Gov. Tom Corbett has repeatedly talked about the need for meaningful pension reform, but his recent budget proposal undermines both employee retirement security and Pennsylvania’s future fiscal health. His plan kicks the can forward by using gimmicks to “balance” the budget.
In the budget speech he delivered Feb. 4, Corbett called for reforms to the state’s two major public employee retirement systems. The governor said: “Billions in new debt to our state is the cost of doing nothing. … The only question is whether we will do it now, when it’s still a manageable problem, or let others do it later, when it’s an all-out-crisis.”
The problem is that Corbett’s actual spending plan is worse than doing nothing.
The governor’s proposal temporarily lowers the minimum amount that state government and school districts pay into the public pension systems next year through the employer contribution. So-called “savings” from this move could amount to $130 million for school districts and $170 million for state government. From that perspective, this budget gimmick goes a long way to make it appear that the fiscal year 2014-15 budget was balanced.
The move, however, threatens the security of public pensions and other vital state services. Delaying $300 million in payments to state pension systems means that $300 million has to be made up by future legislators. That’s not the only loss, however, as that is less money earning investment income. That additional gap also must be addressed in the future.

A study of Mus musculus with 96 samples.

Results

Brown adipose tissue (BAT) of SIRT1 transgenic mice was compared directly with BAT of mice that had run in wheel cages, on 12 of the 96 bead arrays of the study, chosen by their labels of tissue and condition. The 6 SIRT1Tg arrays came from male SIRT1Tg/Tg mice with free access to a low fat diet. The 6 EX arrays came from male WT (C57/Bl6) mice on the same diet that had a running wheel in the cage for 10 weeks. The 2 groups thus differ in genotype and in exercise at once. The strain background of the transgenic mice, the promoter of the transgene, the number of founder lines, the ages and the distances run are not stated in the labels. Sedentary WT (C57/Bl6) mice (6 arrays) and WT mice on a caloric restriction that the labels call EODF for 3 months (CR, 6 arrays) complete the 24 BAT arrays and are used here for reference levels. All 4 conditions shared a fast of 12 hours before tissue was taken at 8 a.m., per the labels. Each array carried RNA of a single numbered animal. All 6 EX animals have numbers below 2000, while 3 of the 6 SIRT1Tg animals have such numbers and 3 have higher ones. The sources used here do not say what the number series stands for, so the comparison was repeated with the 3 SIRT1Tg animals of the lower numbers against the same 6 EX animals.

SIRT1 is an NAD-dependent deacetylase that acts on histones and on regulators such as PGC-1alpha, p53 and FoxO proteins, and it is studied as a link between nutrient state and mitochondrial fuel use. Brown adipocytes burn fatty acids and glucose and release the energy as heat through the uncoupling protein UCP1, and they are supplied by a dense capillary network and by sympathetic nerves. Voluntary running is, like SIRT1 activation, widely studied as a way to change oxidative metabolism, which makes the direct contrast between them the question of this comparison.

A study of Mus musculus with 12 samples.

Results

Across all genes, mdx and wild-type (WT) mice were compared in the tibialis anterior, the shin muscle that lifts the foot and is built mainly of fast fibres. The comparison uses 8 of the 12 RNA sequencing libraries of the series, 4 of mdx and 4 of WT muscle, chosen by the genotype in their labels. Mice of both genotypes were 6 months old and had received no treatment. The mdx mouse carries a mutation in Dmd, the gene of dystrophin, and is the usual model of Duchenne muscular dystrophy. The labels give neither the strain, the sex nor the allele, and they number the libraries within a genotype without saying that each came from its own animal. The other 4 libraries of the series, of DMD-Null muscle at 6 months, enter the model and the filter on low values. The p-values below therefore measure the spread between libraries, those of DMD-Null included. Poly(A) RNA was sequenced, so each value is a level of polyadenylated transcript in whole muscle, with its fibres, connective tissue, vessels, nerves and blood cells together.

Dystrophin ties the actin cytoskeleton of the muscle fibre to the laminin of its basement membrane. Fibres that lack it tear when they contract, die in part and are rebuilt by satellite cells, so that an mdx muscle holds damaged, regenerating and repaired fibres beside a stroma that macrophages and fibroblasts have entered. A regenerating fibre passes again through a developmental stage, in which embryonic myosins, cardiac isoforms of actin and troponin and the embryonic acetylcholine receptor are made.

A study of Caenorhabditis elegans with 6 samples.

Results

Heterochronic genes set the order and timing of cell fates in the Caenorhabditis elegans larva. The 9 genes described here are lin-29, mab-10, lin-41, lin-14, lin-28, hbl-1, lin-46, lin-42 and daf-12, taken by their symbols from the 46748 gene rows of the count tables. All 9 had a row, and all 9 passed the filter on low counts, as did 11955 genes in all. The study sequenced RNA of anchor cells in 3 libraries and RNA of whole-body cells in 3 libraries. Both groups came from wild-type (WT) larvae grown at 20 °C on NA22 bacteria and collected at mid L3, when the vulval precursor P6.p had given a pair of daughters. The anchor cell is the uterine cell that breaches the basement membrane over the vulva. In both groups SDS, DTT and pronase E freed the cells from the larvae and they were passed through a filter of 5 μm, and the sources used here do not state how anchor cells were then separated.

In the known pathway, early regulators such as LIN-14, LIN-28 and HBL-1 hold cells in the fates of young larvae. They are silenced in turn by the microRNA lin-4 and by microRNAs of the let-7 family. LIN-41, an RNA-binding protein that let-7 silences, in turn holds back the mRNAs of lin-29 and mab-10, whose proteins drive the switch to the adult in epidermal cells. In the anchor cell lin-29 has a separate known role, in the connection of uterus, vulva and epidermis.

Underfunding annual pension contributions is one reason Pennsylvania finds itself with such a large unfunded liability, and therefore skyrocketing pension costs. The governor’s proposal will dig the unfunded pension hole deeper.
There are, however, solutions to the pension problem available to Gov. Corbett and the people of Pennsylvania.
Lawmakers first need to recognize the extent of Pennsylvania’s outstanding debt. State Budget Solutions’ recently published Fourth Annual State Debt Report reveals that Pennsylvania has an outstanding debt of $185 billion. Of that total, $157 billion is from the state’s market-valued unfunded pension liability, $16 billion is unfunded retiree (OPEB) health care and $12 billion is other debt.
The most effective reform would be converting existing plans to defined contribution systems like those that have been effectively used by most of the higher education faculty around the country.
Real pension reform means providing true retirement security for all public employees, and ensuring that public employers (state government and school districts) keep their promises. It means keeping Pennsylvania communities safe and strong by making sure essential services are not cut because of public pension debts. Finally, it means keeping the politicians that have so far failed to protect state pension systems out of public employee retirement. Public employees themselves need to have retirement control, ownership and portability.
It is clearly past time for politicians in Harrisburg to stop playing games with public pensions and focus on providing true retirement security for all public employees.